Genetics

News 1931 views update:Mar 9, 2016

3rd International poultry meat congress gets underway

The International Poultry Meat Congress organised by the Turkish Poultry Meat Producers and Breeders Association (BESD-BİR) has gotten underway in Antalya, Turkey.

The biennial event is now celebrating its third outing and is enjoying increased participation and success each time. The event is being held from 22nd-26th April with invited speakers from all over the world.

The congress was opened by chairman, Prof Necmettin Ceylan, Dr Sait Koca, president of the Turkish poultry meat producers, Ibrahim Yigit, president of the committee on agriculture, forestry and rural affairs and Ibrahim Őzcan, a representative from the ministry of agriculture.


Poultry sector in Turkey

Dr Koca addressed the over 1,000 participants including visitors from 27 countries about the current state of the Turkish poultry sector and the continued improvements the sector is making. He acknowledged the huge momentum the industry has had over recent years with poultry meat production in 2014 having a staggering 8.8% increase over 2013 and turkey meat increasing two-fold since 2000. "This is beyond expectations,"Koca declared.

Along with poster presentations and a small tradeshow, 19 sessions are planned. The first session was kicked off by Dr Paul Hocking from the Roslin Institute, Edinburgh, who spoke about the contribution of genetic selection and breeding structure to the economic development of the poultry industry. In a well-attended session, Hocking highlighted the improved FCR's which have been attained over the last 50 years, claiming that dietary changes only account for 15% of this. "Feed efficiency changes are mostly genetic," he stated.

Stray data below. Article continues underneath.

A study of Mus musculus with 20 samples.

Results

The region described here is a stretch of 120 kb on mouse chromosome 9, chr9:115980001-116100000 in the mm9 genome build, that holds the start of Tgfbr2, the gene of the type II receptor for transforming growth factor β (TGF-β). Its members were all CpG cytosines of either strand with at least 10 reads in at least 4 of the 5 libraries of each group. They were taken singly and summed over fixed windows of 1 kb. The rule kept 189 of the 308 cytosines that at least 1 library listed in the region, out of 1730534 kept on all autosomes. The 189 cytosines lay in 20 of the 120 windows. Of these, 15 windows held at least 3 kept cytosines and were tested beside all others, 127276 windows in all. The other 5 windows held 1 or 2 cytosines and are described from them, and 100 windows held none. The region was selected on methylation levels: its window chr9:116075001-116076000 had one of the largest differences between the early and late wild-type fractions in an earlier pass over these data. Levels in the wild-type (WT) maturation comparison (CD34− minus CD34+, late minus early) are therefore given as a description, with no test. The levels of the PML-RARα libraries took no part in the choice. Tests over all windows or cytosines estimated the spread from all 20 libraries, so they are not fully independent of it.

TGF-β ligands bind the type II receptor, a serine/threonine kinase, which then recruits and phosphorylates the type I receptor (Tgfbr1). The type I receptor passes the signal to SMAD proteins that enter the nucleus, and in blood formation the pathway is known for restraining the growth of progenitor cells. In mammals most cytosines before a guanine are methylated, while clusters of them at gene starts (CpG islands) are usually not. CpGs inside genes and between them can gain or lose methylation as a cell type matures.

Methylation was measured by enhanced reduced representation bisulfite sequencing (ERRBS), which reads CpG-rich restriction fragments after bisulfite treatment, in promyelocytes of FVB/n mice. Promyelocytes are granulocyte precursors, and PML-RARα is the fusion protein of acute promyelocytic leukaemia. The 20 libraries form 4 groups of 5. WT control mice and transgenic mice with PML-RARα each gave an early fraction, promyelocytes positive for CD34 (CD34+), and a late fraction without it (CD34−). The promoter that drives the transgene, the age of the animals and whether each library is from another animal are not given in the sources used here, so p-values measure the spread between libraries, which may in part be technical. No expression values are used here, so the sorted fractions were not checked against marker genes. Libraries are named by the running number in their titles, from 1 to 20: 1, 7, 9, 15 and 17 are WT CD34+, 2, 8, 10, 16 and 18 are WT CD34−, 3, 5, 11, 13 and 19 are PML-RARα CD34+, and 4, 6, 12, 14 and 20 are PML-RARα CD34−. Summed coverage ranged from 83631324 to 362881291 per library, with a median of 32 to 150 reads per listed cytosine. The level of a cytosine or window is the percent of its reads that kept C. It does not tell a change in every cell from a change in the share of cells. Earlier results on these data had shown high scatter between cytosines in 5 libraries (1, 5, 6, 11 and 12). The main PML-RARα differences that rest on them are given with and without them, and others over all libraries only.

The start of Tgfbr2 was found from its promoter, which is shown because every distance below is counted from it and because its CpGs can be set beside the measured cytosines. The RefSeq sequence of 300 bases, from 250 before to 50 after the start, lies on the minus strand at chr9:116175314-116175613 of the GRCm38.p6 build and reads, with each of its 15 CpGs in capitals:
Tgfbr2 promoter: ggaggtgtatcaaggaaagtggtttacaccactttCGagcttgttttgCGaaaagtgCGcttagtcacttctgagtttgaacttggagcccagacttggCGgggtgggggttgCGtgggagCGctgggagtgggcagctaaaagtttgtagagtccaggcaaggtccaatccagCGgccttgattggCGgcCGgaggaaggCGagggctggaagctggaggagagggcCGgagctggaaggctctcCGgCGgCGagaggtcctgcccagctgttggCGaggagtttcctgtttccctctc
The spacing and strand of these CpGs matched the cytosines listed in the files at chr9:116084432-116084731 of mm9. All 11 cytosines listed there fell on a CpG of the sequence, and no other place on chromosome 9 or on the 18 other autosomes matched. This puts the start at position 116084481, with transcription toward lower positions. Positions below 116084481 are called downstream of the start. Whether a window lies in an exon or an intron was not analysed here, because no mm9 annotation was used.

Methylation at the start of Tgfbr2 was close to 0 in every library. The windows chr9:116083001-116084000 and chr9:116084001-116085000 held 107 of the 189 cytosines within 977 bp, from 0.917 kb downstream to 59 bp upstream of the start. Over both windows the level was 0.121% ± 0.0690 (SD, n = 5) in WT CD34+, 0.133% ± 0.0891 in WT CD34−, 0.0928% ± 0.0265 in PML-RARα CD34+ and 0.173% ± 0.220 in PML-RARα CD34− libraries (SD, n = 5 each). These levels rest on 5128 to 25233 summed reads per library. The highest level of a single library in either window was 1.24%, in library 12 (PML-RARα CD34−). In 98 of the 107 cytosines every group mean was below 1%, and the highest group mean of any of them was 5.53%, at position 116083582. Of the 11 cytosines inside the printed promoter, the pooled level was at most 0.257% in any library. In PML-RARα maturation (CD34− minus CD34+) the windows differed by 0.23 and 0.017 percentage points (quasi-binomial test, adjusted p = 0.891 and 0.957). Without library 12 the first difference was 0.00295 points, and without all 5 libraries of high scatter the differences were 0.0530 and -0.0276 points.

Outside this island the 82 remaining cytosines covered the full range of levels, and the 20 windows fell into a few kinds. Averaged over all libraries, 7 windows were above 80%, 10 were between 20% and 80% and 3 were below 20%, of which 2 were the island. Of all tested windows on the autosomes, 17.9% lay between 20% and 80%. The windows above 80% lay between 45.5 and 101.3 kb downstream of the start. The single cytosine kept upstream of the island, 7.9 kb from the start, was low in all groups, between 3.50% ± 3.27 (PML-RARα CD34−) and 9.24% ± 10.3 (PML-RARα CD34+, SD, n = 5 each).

The role of public opinion

The opening day closed with a lively speech by Dr Ali Atif Bir, Bahçeşehir University, Istanbul, who focused on information pollution by the media and its association with the poultry industry. "Public opinion shapes food policies," he stipulated while highlighting the fact that media can report situations without any scientific merit. "Unless you understand public opinion, you don't know where to start," he warned the attendees.

In the following two days, there will be three simultaneous sessions highlighting a broad range of topics relevant to the international poultry industry. Speakers include noted poultry scientists from the Netherlands, the US, the UK and naturally Turkey.

A full report of the event will be available in an upcoming edition of World Poultry magazine.